A literature review of pandemics and development: The long-term perspective
Economics of Disasters and Climate Change (Springer)
Number of pages
This paper reviews current knowledge on the pandemics’ effects on long-term economic development, spanning economic and historical debates. Pandemics have been a long-standing object of study by economists, albeit with declining interest, that is until COVID-19 arrived. This paper shows that all economic inputs are potentially affected. Pandemics reduce the workforce and human capital, have mixed effects on investment and savings, but potentially positive consequences for innovation and knowledge development, depending on accompanying institutional change. In the absence of an innovative response supporting income redistribution, pandemics tend to increase income inequalities, worsening poverty traps and highlighting the distributional issues built into insurance-based health insurance systems.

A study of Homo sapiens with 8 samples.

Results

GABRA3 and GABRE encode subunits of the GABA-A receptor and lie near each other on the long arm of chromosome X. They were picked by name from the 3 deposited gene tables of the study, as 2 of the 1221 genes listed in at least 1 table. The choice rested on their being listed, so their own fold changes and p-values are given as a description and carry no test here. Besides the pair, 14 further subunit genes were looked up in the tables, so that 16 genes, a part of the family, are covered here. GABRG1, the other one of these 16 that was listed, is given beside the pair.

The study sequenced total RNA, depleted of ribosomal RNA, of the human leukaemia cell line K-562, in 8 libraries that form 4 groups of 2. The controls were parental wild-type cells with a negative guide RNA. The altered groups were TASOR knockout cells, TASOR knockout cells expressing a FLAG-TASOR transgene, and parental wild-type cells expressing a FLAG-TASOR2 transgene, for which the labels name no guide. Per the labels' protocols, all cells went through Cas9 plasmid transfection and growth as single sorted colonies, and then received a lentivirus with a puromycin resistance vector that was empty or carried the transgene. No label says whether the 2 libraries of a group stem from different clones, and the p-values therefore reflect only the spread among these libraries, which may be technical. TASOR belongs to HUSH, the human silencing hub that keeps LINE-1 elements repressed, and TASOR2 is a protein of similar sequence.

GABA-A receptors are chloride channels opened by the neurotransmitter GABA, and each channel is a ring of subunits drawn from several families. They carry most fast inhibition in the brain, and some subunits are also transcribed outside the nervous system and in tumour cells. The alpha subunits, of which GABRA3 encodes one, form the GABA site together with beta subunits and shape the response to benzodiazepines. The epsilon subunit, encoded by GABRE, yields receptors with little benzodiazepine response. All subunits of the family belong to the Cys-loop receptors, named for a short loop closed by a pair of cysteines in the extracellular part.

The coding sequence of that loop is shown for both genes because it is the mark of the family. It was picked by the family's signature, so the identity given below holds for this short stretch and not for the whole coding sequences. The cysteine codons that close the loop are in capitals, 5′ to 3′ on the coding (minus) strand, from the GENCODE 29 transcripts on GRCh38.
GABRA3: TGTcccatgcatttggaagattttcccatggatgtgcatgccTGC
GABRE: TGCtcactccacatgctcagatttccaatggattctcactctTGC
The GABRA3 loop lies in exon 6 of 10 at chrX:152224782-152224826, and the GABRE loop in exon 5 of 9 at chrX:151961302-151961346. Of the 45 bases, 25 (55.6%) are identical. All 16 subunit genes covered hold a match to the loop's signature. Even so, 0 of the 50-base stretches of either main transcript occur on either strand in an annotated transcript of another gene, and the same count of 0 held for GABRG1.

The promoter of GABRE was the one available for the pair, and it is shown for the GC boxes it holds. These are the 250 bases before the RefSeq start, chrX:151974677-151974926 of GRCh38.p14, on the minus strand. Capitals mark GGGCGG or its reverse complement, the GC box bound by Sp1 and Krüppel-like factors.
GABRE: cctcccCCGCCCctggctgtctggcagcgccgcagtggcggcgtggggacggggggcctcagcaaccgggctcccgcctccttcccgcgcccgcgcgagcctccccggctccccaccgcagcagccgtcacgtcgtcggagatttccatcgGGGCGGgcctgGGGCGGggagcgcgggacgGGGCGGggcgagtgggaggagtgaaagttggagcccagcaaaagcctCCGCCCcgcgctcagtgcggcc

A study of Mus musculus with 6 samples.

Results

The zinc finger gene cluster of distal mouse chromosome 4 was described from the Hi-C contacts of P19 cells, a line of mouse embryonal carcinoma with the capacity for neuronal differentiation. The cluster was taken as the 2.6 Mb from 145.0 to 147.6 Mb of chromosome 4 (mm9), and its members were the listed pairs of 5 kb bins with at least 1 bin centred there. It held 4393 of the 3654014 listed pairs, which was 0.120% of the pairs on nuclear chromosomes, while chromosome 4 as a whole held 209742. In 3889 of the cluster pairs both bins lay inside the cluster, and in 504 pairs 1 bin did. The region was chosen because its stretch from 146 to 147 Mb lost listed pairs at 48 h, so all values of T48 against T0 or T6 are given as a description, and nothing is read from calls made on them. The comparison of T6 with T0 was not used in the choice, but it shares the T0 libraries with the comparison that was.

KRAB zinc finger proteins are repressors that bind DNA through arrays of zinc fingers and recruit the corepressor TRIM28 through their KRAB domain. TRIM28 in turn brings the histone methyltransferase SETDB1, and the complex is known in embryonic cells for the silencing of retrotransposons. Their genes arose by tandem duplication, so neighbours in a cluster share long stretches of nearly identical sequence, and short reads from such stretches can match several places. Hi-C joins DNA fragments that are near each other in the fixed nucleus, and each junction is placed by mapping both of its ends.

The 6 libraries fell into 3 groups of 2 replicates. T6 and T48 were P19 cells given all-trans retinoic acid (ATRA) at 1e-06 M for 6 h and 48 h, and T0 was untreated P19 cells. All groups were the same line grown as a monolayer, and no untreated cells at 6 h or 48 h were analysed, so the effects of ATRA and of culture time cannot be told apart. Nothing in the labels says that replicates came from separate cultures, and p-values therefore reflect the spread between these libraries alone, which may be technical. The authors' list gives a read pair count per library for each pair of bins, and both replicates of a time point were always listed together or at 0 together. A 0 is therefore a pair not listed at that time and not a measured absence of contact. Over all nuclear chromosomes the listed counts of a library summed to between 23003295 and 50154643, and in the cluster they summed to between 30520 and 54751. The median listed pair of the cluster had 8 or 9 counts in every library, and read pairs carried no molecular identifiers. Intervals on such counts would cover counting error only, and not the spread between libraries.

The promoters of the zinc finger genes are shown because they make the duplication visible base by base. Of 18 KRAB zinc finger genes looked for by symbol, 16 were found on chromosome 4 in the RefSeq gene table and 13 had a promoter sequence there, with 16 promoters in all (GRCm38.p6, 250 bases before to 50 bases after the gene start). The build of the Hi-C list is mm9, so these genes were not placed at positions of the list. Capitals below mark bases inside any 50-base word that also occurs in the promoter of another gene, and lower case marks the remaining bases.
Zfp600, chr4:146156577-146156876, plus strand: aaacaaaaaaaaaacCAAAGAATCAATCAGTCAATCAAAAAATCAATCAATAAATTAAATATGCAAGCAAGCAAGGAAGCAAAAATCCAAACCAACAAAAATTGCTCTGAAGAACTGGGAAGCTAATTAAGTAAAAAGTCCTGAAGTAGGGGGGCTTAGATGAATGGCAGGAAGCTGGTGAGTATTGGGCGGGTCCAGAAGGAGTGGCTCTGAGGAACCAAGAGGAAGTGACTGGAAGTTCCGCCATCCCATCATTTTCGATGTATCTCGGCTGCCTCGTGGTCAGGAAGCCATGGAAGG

The study finds that the effects of pandemics are asymmetric over time, in space, and among sectors and households. Therefore, the paper suggests that the research focus on the theoretical plausibility and empirical significance of specific mechanisms should be complemented by meta-analytic efforts aimed at reconstructing the resulting complexity. Finally, the study suggests that policymakers prioritize the development of organizational learning and innovative capabilities, focusing on the ability to adapt to emergencies rather than developing rigid protocols or mimicking solutions developed and implemented in different contexts.